Entry 6: When the Juices Don’t Flow

December 21, 2017

Editor’s Note: This is the sixth installment in Van Jackson’s daily writing journal, “Nuke Your Darlings,” which tracks his six-month battle to write a new book on North Korea. Will he meet his deadline?


Got very little writing done, probably 150 words of text and 50 or so words of footnotes.  Really need to pick up the pace.

I’m at the point with Chapter 3 where I’m constructing North Korea’s beliefs about coercion in a generally accessible way.  I think this won’t be as difficult as I thought it might initially.  Re-reading through some of the history today and last night, I’ve found a lot of episodes that will prove useful in conveying how deeply ingrained in North Korean strategic culture two ideas are: going on the offensive for the sake of defense and meeting pressure with pressure.  The combination of the two is what makes Trump administration policy right now uniquely dangerous.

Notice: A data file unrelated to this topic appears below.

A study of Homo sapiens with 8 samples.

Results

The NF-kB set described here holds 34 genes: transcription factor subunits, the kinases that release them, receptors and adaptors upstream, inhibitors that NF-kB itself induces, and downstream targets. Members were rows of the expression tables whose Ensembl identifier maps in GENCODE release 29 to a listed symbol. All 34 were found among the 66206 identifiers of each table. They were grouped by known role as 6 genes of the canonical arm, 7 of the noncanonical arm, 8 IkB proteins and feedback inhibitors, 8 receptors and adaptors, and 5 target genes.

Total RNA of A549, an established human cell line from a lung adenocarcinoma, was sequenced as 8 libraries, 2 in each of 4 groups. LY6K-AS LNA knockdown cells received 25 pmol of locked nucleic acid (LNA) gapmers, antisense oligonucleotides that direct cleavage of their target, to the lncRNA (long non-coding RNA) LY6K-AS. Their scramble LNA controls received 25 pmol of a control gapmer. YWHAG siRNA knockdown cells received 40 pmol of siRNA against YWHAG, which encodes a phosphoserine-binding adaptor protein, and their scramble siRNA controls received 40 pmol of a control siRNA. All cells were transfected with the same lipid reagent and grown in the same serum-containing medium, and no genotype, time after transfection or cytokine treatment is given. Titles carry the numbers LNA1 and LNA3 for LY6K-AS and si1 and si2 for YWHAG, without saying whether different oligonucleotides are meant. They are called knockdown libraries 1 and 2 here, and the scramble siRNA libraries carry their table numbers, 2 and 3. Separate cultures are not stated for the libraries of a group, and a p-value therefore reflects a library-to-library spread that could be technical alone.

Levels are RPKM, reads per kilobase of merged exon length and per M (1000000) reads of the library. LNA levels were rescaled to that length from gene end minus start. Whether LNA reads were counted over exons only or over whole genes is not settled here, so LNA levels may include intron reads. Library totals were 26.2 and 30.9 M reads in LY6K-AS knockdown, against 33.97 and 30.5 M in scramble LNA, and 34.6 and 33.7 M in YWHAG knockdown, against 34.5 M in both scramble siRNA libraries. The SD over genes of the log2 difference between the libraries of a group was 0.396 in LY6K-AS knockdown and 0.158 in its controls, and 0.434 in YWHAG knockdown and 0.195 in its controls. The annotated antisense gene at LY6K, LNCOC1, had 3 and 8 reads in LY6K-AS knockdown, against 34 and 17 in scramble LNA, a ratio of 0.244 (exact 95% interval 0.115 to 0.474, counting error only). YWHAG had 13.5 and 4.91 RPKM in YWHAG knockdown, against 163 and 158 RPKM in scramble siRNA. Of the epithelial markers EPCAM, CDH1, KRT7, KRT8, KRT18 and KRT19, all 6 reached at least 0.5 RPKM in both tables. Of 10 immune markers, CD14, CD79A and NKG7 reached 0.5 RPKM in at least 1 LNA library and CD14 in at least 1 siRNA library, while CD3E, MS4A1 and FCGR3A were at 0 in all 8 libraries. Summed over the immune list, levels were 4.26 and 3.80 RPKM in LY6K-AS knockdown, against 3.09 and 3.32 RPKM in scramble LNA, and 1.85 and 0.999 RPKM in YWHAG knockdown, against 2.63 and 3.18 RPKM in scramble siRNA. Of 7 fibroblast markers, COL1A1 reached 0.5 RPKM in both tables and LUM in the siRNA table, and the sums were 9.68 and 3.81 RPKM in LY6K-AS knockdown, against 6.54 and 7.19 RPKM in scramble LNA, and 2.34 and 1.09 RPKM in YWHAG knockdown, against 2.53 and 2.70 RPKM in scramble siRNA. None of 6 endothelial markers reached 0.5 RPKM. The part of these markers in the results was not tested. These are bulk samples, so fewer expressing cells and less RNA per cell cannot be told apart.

The New Yorker’s Evan Osnos went to Pyongyang not long ago and came back with a long-form essay for his magazine confirming that the “I die, you die” mindset of North Korean elites has endured from the 1960s to today.  As I write this, it dawns on me that the Osnos reporting might be a useful primary source of evidence to incorporate.

I have to admit I never got the juices flowing today.  But after I finished writing for the day I read a piece in The Telegraph that the Trump administration is preparing to give Kim Jong Un a “bloody nose” with a limited preventive strike.  This is the height of insanity against any adversary because achieving deterrence through compellence isn’t a “thing,” and no negotiation premised on cowing the other side through violence can hold for long.  But given what North Korea believes about coercion, it’s even more assured to end badly.  Wanting to give someone a bloody nose is a bad reason to end up with a nuclear war.

Needless to say I’m pumped now, and plan to kick some ass on tomorrow’s writing.  Will try to get an early start.


Van Jackson is a senior editor at War on the Rocks.